I am obsessed with fall and winter: despite not being a huge fan of the cold, I can get with it for all of the festivities the winter months bring. The one thing I can’t get on board with? It seems as though everything in this giving season costs money. Every time I turn around, there’s an event at work to chip in for, a gift that needs to be purchased, or some elaborate meal that means big bucks coming out of my tiny budget.
Don’t get me wrong, I love giving to others and creating a culture of generosity in my household when it matters, but I am notoriously frugal, and that belt-tightening feels nearly impossible during the holidays. I’ve never wanted to skimp on creating a magical atmosphere and family Christmas traditions for my daughter during the holidays, but that can be rather hard to do when trying to save money. What’s a mom to do when it comes time for creating lasting memories with the family on a budget? To bring jingle bells to my home without losing my own pocket jingle, I embarked on a plan to create new and wonderful family Christmas traditions for free or next-to-free. Who says creating holiday joy has to break the bank?
This season I’m focusing less on gift-giving and money spending and more on creating meaningful family Christmas traditions.
Family Christmas Traditions Worth Starting
This is actually something my husband and I began doing at our first married Christmas and have enjoyed immensely ever since! We both seek out ornaments that we feel represent one another; there are some truly kitschy ornaments out there, after all, and we’ve both had great fun in selecting sweet and silly mementos for one another. We typically do the exchange when we decorate our Christmas tree, and it is almost as anticipated as other seasonal highlights! If you’re the kind that likes a smattering of collected ornaments on your Christmas tree, this is a fun and frugal way to kick things off with a little holiday cheer.
Every family has a cause that is especially close to their hearts: for our family, that means volunteering at our local domestic violence shelter for women and children. Though many organizations see an uptick of volunteers and donations around the holidays, this is a great time to show your children how to live generously and what the holiday season is truly about: creating a community that is unified in love, grounded in hope, and anchored by peace and joy. Find a local animal shelter, food bank, or nursing home to visit to make your heart feel light.
Make Your Kiddo the Boss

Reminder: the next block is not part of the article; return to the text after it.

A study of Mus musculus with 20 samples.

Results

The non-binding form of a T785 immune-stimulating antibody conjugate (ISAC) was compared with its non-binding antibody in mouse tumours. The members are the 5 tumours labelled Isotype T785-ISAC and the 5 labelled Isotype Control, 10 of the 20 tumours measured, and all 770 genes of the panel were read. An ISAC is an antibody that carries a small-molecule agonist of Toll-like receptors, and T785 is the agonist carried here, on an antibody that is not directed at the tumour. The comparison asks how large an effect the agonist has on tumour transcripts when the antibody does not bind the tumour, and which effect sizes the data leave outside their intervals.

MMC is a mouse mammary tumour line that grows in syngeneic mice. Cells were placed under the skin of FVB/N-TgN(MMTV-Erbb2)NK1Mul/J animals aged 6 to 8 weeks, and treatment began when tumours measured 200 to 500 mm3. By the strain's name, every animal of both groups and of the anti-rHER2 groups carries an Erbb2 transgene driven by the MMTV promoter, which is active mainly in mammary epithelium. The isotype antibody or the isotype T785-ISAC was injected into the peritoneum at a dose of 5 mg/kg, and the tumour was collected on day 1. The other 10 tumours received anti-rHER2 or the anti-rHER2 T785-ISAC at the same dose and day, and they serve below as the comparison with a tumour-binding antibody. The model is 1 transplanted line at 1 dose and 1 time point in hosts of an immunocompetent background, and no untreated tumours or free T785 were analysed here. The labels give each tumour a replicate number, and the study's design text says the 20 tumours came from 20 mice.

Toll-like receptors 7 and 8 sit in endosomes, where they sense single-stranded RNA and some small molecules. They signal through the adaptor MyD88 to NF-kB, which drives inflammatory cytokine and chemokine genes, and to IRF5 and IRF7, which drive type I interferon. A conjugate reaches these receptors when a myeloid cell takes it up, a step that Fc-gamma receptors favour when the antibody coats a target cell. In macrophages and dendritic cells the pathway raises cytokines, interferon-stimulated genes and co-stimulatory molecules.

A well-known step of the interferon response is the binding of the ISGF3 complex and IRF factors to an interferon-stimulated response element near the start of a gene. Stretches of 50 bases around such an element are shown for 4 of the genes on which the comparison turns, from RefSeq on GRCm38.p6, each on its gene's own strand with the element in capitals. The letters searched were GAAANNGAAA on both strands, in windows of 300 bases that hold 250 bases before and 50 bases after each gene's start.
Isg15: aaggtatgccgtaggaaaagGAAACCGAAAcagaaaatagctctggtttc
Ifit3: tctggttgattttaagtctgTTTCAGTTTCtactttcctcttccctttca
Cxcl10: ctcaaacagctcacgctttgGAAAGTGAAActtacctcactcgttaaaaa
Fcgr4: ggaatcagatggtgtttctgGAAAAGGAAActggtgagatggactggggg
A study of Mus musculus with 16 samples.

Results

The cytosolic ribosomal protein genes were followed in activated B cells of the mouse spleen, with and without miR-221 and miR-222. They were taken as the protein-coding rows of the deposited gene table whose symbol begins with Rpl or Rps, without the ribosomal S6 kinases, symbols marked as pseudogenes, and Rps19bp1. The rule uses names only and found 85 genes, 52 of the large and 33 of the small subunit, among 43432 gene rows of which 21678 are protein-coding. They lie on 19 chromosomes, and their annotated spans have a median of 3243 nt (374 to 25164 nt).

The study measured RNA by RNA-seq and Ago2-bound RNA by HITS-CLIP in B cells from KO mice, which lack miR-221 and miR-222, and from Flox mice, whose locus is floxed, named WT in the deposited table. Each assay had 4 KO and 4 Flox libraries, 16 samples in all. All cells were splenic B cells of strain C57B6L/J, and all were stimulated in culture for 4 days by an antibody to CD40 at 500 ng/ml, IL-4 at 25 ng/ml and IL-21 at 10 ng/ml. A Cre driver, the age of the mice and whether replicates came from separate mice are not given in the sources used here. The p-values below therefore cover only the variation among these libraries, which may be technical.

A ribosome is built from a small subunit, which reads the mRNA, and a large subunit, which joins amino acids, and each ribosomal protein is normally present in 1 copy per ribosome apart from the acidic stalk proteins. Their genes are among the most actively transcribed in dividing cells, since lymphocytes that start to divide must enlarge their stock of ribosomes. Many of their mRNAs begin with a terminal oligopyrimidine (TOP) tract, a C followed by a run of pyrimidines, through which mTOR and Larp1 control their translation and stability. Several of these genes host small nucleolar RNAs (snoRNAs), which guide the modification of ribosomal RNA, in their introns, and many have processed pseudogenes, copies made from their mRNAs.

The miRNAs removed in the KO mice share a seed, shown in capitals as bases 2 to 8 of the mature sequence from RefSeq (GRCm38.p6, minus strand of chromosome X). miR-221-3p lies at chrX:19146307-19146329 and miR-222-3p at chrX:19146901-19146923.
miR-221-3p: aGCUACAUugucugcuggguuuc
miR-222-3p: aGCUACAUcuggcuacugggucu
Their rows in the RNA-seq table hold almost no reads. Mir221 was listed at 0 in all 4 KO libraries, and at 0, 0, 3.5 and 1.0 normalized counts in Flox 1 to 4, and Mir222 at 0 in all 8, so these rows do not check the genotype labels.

Okay, not really. But, everyone likes to feel in charge every now and then! Have your spouse or kiddos select a reasonable snack and movie in this festive holiday season, implementing the rule that the movie must be lighthearted or otherwise around the theme of the Christmas season. Though my husband has found some clever ways to bend the rules for the movie guidelines to watch an action movie once or twice, we’ve found this is a great way to be inclusive and help everyone in the family feel as though they’re helping to make Christmas magic. Bonus points if they find one that is already on Hulu or Netflix, so you don’t have to buy or rent it! Pop some kettle corn, give your littles some special hot chocolate, and snuggle up for quality time.
This is a fun one to do with coworkers or close friends! Cookie swaps are SO much fun and are an easy way to spread a little Christmas cheer. Invite a group of family or friends to participate, and have each person make enough of one kind of cookie to share. You’ll all get to sample the treats, then trade and package them in appealing assortments. Everyone leaves feeling the love and holiday spirit! Foolproof recipes are my go-to (like this one for “Christmas Crack!” and a container from the dollar store seals the deal for my cookie exchange. I always hope to control myself around the goodies my friends come in with, and I almost always fail. I’ve never been so happy to lose.
Keep an Advent Calendar
If you’re counting down the days until Christmas, doing so with the use of chocolate or small treats can’t hurt. An advent calendar begins on December 1st and has small boxes or doors to be opened each day. I’d like to see some Elf on the Shelf delivery chocolates on the daily–and, since I am meant to be the magic behind the Elf, it’s unlikely that I’ll remember. Advent calendars are a fun and festive way to make your cheer off the charts this year. Besides, they make wine calendars for adults: and I could totally get on board with that.